Cozumel dive boat on clear blue Caribbean water



I was writing a much different post last weekend when the bad news started to break.

Cozumel’s Marine Park – Parque Nacional Arrecifes de Cozumel – announced their decision to close a large portion of the park. The sites affected include the dive sites at Palancar, Colombia, Punta Sur, Marcaibo, and a popular snorkeling spot known as El Cielo.

These areas will be closed and monitored from October 7, 2019 until at least January, pending reassessment. (UPDATE: now there are rumors that it will be reassessed in Dec. 2019…so stay tuned.)

The primary reason for the closure is the rapid spread of a viral condition known as Stony Coral Tissue Loss Disease (SCTLD).  SCTLD is also referred to as Whitening Syndrome, but it’s distinct from the problem of coral “bleaching” due to elevated sea temperatures.

The coral disease was first detected in the Miami area of Florida in 2014, and has quickly spread both North and South along Florida’s southern coastline.

Reports of SCTLD in Cozumel began in 2018 (though it may have been here earlier), and has affected a dramatic number of hard corals since then.

The Florida Keys National Marine Sanctuary, has a lot of good information on the outbreak, including downloadable cards showing the different corals that are affected, and what the disease looks like as it takes hold and progresses.

I also recommend this informative page by Reuters, here.

Local Reactions in Cozumel’s Diving Community

As a resident and very frequent diver in Cozumel I have seen the damage and rapid spread up close, and it’s heartbreaking. Most diving industry people I’ve talked to so far – even those who stand to lose some business – are generally in favor of doing whatever is needed to save the reefs. But…

But, we all know there are far greater stressors at work on the Island – and responsible operators wonder if doubt those will ever be curtailed. Their skepticism is hard to miss, but quite easy to share.

Cruise ship impacts, oversized development projects, illegal fishing in the park, illegal boats and operators increasing the loads, rampant littering, people treating El Cielo like a trashy swim-up bar…just to name a few.

These threats should be confronted, as well.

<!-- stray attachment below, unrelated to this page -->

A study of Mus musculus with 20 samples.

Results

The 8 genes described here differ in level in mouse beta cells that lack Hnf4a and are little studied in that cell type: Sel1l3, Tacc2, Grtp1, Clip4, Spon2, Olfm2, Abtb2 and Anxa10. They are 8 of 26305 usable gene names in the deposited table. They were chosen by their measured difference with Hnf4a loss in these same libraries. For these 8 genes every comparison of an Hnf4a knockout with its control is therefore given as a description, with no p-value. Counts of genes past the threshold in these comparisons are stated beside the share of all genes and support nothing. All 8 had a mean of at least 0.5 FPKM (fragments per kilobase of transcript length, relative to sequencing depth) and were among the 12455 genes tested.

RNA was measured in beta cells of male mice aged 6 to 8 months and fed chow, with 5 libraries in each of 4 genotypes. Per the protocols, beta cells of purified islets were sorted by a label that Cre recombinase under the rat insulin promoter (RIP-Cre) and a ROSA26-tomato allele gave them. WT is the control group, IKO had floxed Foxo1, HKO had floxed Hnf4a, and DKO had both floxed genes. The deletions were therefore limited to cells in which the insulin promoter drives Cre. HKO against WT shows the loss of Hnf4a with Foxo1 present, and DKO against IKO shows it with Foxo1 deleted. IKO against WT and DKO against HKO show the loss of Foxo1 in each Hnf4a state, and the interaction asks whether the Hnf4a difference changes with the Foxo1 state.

What Can WE Do?

Various organizations studying the problem are still feverishly studying things and examining samples to try and find a solution. I’m sure they could use financial support, for starters.

Meanwhile, divers and general visitors can help, too. We all need to stop ignoring these problems, and become committed to responsible travel.

In this case, the main recommendations are:

  • Opt for hats and clothing in eco-friendly materials to protect yourself from the sun. Sunscreens of any kind may weaken the corals, and are now officially prohibited in park waters.
  • Seek shade on the boat and cover up while you’re in the marine park.
  • Sanitize your dive gear before coming, and rinse very well between dives or at least dive days.
  • Ask important questions of your dive operator:
    *Do they have the proper permitting? If they don’t, they’re adding to the overload, undercutting responsible owners, and not contributing to the Park’s resources.
    *Do they maintain their boats well to avoid leaks and spills?
    *Do they have insurance?
    *Do they carry emergency Oxygen, and have a good plan in case of any dive-related accidents?
    *Do they respect the marine life, and make sure their divers know not to touch anything or get too close to the coral?

And finally, come visit! Support the industry during this tough time, and have fun – you’ll still be seeing some of the finest diving in the world, unbeatable customer service, and a fantastic town.

So, Should You Still Plan a Dive Trip to Cozumel?

Short answer: Absolutely!

Despite this challenge, Cozumel still has some of the best conditions in terms of temperature and visibility, and they’re consistent year-round (barring weather, of course).

Plus, we’re just about to enter Eagle Ray season, and those beauties can be seen on any of our reefs.

Many of the best dive sites are still open for business. Plus there’s some new motivation for DMs to get creative and dive in some new spots – whenever I’ve gotten a chance to do that, it was a treat.

Especially if you like more variety of marine life and little tiny animals, the shallow dives are where it’s at! Check out this post to read my review of the sites that will remain open this season.

But remember – no sunscreen, excellent buoyancy, don’t touch or kick anything, and make sure you’re diving with a responsible operator who has permits and contributes to maintaining the marine park. We’re all in this together.